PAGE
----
It was a remarkable run for the Phillies and for their followers, and there were times, as the team constructed a 257-game sellout streak that was finally broken last August, when it seemed possible it would stretch even longer if the team could somehow manage the transition from then to now.
The Phils didn't escape that rundown with time, however, and the home portion of this season has closed out with plenty of good seats still available. When 28,826 showed up for a game against Washington on Sept. 3, the opening of the school-night portion of the schedule, it was the first time fewer than 30,000 had attended since the third game of the 2008 season, a stretch of 470 home games. For those who rattled around the echoing Vet not that long ago, those numbers just seem silly.
But it happened, and it happened to the Phillies of all teams, an organization that historically hid its infrequent successes beneath a blanket of familiar failures. Even counting 2012, the Phils had 10 straight seasons without a losing record. In the 50 years preceding that, they had a total of 18.
The heady run was a marriage of increased revenue from the new ballpark, the blossoming of a core of homegrown infield stars, and a leadership shift that replaced manager Larry Bowa with Charlie Manuel and general manager Ed Wade with Pat Gillick. It is possible that with more money, and the better players who became obtainable, Bowa and Wade would have enjoyed success too, but probably not for as long.
In other cities, perhaps, a baseball team that put on this kind of a show would get a standing ovation and then be allowed to attempt its rebuilding with patient if not fervent support. That might be the case here as well, if only the team would get on with the rebuilding.
When the Phillies return after their cold winter, they still plan to have Ryan Howard, Chase Utley, and Jimmy Rollins on the field. Absent a better option at catcher, they will likely re-sign Carlos Ruiz. Cole Hamels and Cliff Lee will be in the starting rotation, as they should be, and it is even-money the Phils will attempt to make another wager on the diminishing reliability of Roy Halladay.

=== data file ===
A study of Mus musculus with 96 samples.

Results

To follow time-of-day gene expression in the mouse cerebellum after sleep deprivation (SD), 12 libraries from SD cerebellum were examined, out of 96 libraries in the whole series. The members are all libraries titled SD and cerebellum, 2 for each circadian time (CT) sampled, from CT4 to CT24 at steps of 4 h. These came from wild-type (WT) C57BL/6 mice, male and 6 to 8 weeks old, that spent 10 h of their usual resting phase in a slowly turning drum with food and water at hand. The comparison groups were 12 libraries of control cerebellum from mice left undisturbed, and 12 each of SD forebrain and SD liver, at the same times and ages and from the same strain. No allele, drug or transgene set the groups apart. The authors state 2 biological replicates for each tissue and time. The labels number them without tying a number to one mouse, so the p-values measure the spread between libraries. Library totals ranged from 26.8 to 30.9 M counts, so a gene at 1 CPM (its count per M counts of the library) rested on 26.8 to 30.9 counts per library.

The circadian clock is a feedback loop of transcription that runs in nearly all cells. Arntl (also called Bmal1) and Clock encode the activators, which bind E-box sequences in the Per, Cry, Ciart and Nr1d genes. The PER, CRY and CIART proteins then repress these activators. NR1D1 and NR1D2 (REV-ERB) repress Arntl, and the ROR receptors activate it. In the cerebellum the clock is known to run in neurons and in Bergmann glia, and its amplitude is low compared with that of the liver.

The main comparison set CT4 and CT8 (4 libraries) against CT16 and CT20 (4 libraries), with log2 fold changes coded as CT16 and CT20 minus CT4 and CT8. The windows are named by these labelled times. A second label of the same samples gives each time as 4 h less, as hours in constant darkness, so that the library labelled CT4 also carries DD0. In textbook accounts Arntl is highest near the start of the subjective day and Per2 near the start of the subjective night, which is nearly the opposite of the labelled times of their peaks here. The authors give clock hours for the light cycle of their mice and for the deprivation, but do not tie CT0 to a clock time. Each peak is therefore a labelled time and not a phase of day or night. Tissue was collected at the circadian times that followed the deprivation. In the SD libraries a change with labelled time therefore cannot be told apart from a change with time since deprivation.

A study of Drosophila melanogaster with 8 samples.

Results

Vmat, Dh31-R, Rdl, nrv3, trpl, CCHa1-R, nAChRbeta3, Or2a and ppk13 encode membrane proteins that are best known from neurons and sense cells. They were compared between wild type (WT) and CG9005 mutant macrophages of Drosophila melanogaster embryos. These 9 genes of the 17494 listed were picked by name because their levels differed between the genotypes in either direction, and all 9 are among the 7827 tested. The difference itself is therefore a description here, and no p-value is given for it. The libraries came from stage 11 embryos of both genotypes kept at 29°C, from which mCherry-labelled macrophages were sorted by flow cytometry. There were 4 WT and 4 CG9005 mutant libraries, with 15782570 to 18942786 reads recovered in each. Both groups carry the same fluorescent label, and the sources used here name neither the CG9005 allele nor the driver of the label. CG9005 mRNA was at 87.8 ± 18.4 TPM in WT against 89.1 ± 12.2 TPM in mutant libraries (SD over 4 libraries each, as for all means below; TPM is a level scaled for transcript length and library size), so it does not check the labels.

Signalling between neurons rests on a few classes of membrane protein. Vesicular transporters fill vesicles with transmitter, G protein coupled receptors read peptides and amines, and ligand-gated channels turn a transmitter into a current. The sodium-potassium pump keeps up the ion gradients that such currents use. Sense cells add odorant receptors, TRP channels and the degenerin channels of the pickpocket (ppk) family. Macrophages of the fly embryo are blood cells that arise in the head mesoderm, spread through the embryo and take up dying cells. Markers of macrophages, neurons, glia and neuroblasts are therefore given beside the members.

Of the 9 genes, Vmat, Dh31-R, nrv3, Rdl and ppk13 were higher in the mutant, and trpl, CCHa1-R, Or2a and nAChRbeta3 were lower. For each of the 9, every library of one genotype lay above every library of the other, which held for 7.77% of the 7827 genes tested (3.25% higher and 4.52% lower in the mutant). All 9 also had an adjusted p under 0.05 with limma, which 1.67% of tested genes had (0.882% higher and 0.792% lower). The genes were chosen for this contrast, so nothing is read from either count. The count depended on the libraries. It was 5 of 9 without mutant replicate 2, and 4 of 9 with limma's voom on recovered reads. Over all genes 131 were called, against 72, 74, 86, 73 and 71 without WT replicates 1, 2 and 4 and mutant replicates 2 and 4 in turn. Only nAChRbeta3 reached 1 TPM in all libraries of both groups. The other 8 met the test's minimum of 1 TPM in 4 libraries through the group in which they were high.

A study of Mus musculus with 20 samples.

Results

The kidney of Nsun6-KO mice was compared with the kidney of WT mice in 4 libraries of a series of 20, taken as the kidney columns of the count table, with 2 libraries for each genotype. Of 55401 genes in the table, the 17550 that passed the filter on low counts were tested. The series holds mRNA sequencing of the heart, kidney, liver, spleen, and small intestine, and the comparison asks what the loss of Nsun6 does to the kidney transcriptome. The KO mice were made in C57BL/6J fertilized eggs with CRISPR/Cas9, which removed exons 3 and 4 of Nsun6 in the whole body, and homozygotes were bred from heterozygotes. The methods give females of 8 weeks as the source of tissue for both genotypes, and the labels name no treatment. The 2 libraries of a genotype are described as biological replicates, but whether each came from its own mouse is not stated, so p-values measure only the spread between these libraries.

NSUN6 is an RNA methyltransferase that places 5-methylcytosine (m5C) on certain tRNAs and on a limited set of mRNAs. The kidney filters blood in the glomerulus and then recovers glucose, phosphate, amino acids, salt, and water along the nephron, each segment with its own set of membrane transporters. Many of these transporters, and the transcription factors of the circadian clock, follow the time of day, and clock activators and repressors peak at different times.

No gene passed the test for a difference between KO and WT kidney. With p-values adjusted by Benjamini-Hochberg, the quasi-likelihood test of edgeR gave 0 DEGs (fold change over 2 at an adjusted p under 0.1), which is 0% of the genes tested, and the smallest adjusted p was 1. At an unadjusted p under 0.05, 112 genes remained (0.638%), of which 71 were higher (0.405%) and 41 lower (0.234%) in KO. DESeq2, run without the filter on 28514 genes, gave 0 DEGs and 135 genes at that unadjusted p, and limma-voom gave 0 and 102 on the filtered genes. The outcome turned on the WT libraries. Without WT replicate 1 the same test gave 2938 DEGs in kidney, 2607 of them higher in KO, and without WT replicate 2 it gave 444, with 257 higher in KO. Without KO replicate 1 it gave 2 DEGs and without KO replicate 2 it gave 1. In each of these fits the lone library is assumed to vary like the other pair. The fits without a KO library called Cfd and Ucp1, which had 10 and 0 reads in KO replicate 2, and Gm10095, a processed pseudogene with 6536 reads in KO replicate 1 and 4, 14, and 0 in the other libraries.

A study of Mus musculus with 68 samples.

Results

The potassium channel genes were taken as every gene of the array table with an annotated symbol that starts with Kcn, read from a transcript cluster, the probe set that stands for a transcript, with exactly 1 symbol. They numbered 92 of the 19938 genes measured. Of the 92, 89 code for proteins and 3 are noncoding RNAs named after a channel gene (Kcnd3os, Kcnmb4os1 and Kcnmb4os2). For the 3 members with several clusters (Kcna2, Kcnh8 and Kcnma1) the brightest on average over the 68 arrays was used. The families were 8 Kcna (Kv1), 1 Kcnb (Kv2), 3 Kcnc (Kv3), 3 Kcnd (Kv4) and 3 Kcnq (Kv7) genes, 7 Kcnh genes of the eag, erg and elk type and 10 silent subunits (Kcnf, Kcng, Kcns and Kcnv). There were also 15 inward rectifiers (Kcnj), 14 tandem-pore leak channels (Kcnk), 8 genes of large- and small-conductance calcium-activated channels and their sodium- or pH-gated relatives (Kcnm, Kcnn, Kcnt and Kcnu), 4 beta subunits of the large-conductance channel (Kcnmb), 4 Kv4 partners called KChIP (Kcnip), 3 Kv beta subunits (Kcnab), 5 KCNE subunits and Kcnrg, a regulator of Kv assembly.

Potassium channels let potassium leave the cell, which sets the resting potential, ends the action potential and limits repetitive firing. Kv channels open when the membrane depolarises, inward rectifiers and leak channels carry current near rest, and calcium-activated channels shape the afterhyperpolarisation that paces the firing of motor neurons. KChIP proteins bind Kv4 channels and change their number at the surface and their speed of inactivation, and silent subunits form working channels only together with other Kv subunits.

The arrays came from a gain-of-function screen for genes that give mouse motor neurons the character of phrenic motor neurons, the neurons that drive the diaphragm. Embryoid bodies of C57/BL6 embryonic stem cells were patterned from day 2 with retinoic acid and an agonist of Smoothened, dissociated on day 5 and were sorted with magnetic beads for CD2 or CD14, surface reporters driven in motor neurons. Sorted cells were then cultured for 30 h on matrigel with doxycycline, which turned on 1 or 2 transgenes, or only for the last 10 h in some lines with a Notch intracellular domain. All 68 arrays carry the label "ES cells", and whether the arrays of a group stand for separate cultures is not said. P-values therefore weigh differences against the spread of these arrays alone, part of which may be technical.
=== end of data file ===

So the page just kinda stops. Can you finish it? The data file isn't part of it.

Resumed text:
It would be a lot easier to feel warm and nostalgic about the greatest era in Phillies baseball if it would just end already. As it is, this has the feel of a rock band that hangs around after the platinum albums are only a memory and the remaining members of the original lineup are all dying their hair and wearing hearing aids.
The only memorable transition brought about so far by the 2013 season - and the discarding of Michael and Delmon Young doesn't qualify - was the dismissal of Manuel, the folksy figurehead who treated his players like men and stayed out of the way. That worked until the team tired of fighting the fight during the middle of this season and packed it in on him.
When the Phils won the first game after the all-star break, they were one game over .500 and could legitimately talk about being buyers at the trade deadline and making one more run at it. At that singular moment of optimism, however, the team went dead south, with emphasis on the dead part. Howard had been on the disabled list for a few weeks by then, and the difficulty of winning without his presence in the batting order became a rock the team didn't feel like lifting any longer. They won four of their next 23 games and general manager Ruben Amaro Jr. - seeing guys who weren't taking extra hitting, weren't running out balls, weren't focused on the routine professionalism of the game - replaced Manuel with Ryne Sandberg.
The most troubling aspect of that dreadful stretch was the leadership void in the clubhouse in the absence of Howard. Utley and Rollins are not vocal - Utley is barely verbal - and there was no one to protect Manuel's back after he spent nearly nine seasons protecting theirs. That's not a good sign for the future, particularly since Howard's right knee is still chronically bad and he is likely to spend some part of every season running wind sprints in Clearwater.
Maybe Sandberg, who will almost certainly retain the job, can pick up that slack. He's a bit of a monotone, but there is an edge to him the team needs to emulate. The team is 18-16 under Sandberg, despite some amazingly haphazard lineups. That might not sound like much, but it works out to 86 wins over a whole season, which, in case you hadn't noticed, would have been an improvement.
So send them up the tunnel with a few last cheers when the home season concludes and take a look at the banners in center field where there didn't used to be as many. It's been a proud time, even if it had to eventually come to an end.
Now comes the winter and there is no guarantee when the next spring will arrive.
Contact Bob Ford at email@example.com.